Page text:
A new study suggests people who live in high altitudes might have protection from the novel coronavirus, though some experts say other factors might come into play.
But do not look to move to Denver if you live on the coast. The study looks at people who have grown up in areas and whose lungs have grown accustomed to the higher altitude.
"Although the data of the present study suggest a strongly decreased pathogenicity of SARS-CoV-2 in high-altitudes, there is yet no evidence of an underlying physiological mechanism that could affect the severity of infection," the study, published in April in the peer-reviewed Respiratory Physiology and Neurobiology, says.
At higher altitudes oxygen molecules are farther apart than at sea level, making less of it available to inhale. This can cause an oxygen deficiency called hypoxia, that people who grow up in high altitudes such as Colorado tend to make up for with large lung capacity, the Miami Herald noted.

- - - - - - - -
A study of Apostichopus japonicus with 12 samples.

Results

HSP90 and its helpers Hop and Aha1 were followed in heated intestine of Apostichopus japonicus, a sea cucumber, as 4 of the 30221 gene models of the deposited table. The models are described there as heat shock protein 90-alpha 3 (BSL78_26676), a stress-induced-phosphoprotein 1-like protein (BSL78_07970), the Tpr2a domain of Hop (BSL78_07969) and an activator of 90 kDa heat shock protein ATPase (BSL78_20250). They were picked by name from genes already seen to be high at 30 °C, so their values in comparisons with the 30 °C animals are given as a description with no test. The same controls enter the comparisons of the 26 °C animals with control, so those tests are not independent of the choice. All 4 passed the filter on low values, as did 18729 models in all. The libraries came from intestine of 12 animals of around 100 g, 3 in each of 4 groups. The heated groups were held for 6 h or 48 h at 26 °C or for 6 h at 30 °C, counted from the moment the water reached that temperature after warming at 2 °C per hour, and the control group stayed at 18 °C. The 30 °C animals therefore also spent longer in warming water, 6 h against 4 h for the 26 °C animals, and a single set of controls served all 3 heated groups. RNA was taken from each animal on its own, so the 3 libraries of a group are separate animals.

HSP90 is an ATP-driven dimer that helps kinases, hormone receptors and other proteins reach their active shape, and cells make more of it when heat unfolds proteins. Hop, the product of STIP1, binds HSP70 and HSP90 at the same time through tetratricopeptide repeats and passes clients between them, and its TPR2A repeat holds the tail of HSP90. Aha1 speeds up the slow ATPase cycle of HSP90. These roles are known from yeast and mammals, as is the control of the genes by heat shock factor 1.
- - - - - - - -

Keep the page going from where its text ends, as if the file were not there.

And this higher lung capacity could be the reason people who live at higher altitudes seem better equipped to recover from COVID-19, the disease caused by the novel coronavirus, the researchers surmised.
The study looked at COVID-19 patients in the Tibetan area of China, Bolivia, and Ecuador that feature large populations living at high altitudes.
In Sichuan, China, 54% of 67 patients had no symptoms, according to the study, and less than 10% ever had a fever. About 10% did develop severe medical conditions, though all did recover.
In Bolivia, infection rates in higher altitudes were three times lower than in lower altitudes. In Ecuador, they were four times lower, the study showed.
The Centers for Disease Control and Prevention noted, however, high altitudes also are typically colder and less humid, which also could play a factor in whether a person contracts a virus. Other factors experts have pointed to include genetics and lifestyle choices.